Last weekend during the bank holiday I traveled to Europe, specifically Belgium, to visit a friend and to go sightseeing to Aachen in Germany. We used your Arriva bus 350 to go from Maastricht (where we arrived from Leuven by train), and as I am aware, as both Holland and Germany are in the Schengen Zone and do not have border checks between the nations, I am not required to show my identification papers or ID to any transport staff, other than the police when requested. This was the case when I traveled from Belgium to Holland by train, I.e the conductors simply checked to see if I had a valid ticket for the train.
However, to my surprise, the female conductor of the Arriva bus asked me specifically when I was purchasing a ticket to show my ID to make sure I was able to cross the German border. I was extremely taken aback and shocked at this kind of treatment by your bus staff, and knowing my rights, initially refused to do so to the driver, telling her that Germany is in the Schengen zone and I don’t need to prove if I am legally entering Germany as according to EU law, legally I do not need to do so while traveling within the Schengen zone. As it soon became clear that the driver wouldn’t let me board the bus without showing my identification, I relented and showed her my British driving license. However, even more surprisingly and shockingly, the driver told me that this kind of identification was not acceptable and I needed to show her my passport or national ID card to enter Germany.
At this point, me being at my wits end, I kindly informed the driver that I entered Belgium (a Schengen zone member) from the UK (a non Schengen zone member) with my British passport, which was required as you need to show a valid form of identification to enter the Schengen zone from a non Schengen zone country. As the UK does not participate in a national ID scheme, which most EU countries like Holland and Germany do, I do not have a national ID card and explained this to the driver, stating that once someone enters the Schengen zone, they do not need to show their ID while traveling to another Schengen zone country. As it is recommended to carry some form of ID with you for safety, I always keep my driving license in my possession as I do not feel comfortable carrying my passport with me, and as such, produced this to the driver to satisfy her.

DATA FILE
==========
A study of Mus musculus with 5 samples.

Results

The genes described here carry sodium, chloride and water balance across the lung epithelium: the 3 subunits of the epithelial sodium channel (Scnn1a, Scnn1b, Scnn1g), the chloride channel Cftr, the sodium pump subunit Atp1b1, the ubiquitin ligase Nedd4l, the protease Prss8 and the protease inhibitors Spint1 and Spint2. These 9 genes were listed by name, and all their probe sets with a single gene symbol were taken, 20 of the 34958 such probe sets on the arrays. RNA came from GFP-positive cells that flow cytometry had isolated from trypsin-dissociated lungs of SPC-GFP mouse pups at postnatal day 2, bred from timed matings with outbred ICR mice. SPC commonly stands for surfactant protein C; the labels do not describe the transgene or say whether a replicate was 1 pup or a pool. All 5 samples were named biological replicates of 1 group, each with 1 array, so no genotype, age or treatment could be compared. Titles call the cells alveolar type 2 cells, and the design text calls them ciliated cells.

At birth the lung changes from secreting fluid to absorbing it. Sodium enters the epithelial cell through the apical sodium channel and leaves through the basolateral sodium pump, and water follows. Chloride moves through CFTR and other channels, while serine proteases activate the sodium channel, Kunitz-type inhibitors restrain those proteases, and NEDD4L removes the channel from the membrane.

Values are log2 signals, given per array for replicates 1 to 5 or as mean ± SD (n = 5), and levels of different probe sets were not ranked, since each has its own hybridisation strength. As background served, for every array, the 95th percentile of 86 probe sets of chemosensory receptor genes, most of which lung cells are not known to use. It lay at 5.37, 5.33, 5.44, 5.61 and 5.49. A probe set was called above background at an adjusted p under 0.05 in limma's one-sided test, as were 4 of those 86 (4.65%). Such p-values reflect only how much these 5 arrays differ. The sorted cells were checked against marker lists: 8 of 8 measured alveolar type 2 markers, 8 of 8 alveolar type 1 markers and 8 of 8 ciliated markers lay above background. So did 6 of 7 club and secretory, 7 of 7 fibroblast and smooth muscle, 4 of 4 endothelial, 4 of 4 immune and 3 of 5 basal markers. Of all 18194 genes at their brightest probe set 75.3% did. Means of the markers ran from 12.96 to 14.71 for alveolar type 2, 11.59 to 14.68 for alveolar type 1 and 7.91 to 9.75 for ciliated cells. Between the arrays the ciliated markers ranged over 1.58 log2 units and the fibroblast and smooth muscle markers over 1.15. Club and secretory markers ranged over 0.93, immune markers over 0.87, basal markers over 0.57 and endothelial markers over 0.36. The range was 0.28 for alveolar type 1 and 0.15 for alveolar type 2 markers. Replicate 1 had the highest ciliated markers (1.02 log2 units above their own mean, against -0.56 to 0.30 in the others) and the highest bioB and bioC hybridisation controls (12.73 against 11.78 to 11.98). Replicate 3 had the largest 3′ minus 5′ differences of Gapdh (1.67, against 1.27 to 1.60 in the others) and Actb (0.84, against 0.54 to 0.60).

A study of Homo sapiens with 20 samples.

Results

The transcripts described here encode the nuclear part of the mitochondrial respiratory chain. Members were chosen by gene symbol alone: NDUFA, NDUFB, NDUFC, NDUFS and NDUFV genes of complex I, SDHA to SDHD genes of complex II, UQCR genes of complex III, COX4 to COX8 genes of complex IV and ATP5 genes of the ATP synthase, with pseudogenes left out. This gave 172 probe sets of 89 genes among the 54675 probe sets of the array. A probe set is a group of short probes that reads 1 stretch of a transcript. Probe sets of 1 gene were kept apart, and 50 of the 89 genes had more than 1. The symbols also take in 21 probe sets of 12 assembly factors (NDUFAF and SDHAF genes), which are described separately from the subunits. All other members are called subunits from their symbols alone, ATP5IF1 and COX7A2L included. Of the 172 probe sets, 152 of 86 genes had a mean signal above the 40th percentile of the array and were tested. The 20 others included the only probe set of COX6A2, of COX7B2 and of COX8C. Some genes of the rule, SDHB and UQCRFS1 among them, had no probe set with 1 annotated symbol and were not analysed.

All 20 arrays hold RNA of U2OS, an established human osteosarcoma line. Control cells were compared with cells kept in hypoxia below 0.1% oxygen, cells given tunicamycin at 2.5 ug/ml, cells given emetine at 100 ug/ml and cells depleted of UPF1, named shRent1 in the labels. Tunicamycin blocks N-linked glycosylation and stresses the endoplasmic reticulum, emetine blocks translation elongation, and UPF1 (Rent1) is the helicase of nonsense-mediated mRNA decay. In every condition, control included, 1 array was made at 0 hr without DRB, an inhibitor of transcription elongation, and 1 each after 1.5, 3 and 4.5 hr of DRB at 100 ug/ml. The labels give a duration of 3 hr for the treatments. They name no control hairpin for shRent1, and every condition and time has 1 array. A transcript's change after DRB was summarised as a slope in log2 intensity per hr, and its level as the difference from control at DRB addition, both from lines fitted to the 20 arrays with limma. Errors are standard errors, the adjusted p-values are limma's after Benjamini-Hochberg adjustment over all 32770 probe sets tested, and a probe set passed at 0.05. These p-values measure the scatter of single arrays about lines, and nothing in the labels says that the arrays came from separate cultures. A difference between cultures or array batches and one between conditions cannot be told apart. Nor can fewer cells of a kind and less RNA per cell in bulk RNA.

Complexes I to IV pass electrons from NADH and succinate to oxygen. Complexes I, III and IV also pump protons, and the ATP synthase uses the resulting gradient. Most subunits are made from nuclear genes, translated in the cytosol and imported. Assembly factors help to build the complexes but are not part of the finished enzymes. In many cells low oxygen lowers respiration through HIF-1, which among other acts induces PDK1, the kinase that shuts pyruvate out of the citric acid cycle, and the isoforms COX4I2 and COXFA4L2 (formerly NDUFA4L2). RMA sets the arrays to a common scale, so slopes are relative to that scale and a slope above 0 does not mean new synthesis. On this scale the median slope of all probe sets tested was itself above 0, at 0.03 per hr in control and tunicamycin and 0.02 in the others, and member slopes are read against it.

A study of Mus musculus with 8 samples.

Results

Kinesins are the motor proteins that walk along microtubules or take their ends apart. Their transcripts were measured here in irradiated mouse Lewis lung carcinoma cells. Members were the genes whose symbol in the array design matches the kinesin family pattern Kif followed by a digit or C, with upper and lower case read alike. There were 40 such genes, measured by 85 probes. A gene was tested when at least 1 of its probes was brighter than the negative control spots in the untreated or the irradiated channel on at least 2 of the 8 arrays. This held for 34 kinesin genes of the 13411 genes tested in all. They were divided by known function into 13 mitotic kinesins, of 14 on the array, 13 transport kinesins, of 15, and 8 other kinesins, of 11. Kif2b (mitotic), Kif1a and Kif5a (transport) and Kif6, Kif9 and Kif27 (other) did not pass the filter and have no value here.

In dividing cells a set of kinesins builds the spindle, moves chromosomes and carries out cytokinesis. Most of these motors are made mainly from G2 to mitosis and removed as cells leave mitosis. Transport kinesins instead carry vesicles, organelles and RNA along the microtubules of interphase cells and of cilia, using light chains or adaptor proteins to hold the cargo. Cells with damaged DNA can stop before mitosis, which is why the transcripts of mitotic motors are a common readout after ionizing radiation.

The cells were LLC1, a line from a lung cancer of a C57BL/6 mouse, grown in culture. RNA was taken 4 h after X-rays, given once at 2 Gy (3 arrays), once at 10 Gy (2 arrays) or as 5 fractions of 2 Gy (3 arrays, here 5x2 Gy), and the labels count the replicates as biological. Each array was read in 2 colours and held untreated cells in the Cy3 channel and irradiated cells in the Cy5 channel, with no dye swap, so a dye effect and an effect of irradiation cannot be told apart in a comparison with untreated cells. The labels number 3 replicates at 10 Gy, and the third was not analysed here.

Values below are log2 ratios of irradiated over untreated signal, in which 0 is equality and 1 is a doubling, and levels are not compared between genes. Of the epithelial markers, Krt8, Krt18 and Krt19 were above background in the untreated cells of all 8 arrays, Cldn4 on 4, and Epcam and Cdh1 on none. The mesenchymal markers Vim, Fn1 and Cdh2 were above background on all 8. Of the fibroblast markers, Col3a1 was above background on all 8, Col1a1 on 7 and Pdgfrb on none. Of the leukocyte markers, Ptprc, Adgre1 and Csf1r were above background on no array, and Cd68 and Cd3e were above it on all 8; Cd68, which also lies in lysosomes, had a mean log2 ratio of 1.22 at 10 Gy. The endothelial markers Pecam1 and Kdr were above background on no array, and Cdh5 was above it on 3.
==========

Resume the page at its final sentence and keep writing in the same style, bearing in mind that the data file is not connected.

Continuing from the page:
Even with all this in mind, the driver finally told me that she would not allow my friend and I to go to Aachen in Germany, and told us we had to get off at the last stop in Holland before crossing the German border, in Vaals. As we were both bemused at this point by the driver’s logic, we agreed to her absurd request and got off at Vaals as we did not want to get into legal trouble. We simply walked across the German border, where there are no border controls of course, and took the next 350 bus into Aachen.
My complaint addresses the treatment I received from your bus driver and her blatant discrimination and xenophobic behaviour to me specifically, as I noticed I was markedly the only person asked by the driver to show my ID to enter Germany, and no other passengers were requested to do so, including my friend who is fluent in Dutch. I strongly feel that due to my ethnic and national background, I was racially discriminated against by your bus driver, furthered by the fact that I do not speak Dutch and communicated in English to the driver. In my point of view, it looked as if the driver was acting as an immigration officer to decide whether I am allowed to enter Germany or not. I would like you to know that I have done my research and found that only the local authorities and police are allowed to ask someone for their identification in the Schengen area, and your bus driver was out of line in doing so.
I would be satisfied in receiving an apology from your team as well as the driver, and compensation for this kind of humiliating and discriminatory behaviour demonstrated to me by your driver. It cannot be a coincidence that in the 4 cross border journeys we took that day, this driver was the only one who asked me for my identification. She was legally not allowed to do so, and made me feel unwelcome and as if I was not allowed to be in a country which I am legally allowed to be in. The driver had no right in making her judgment.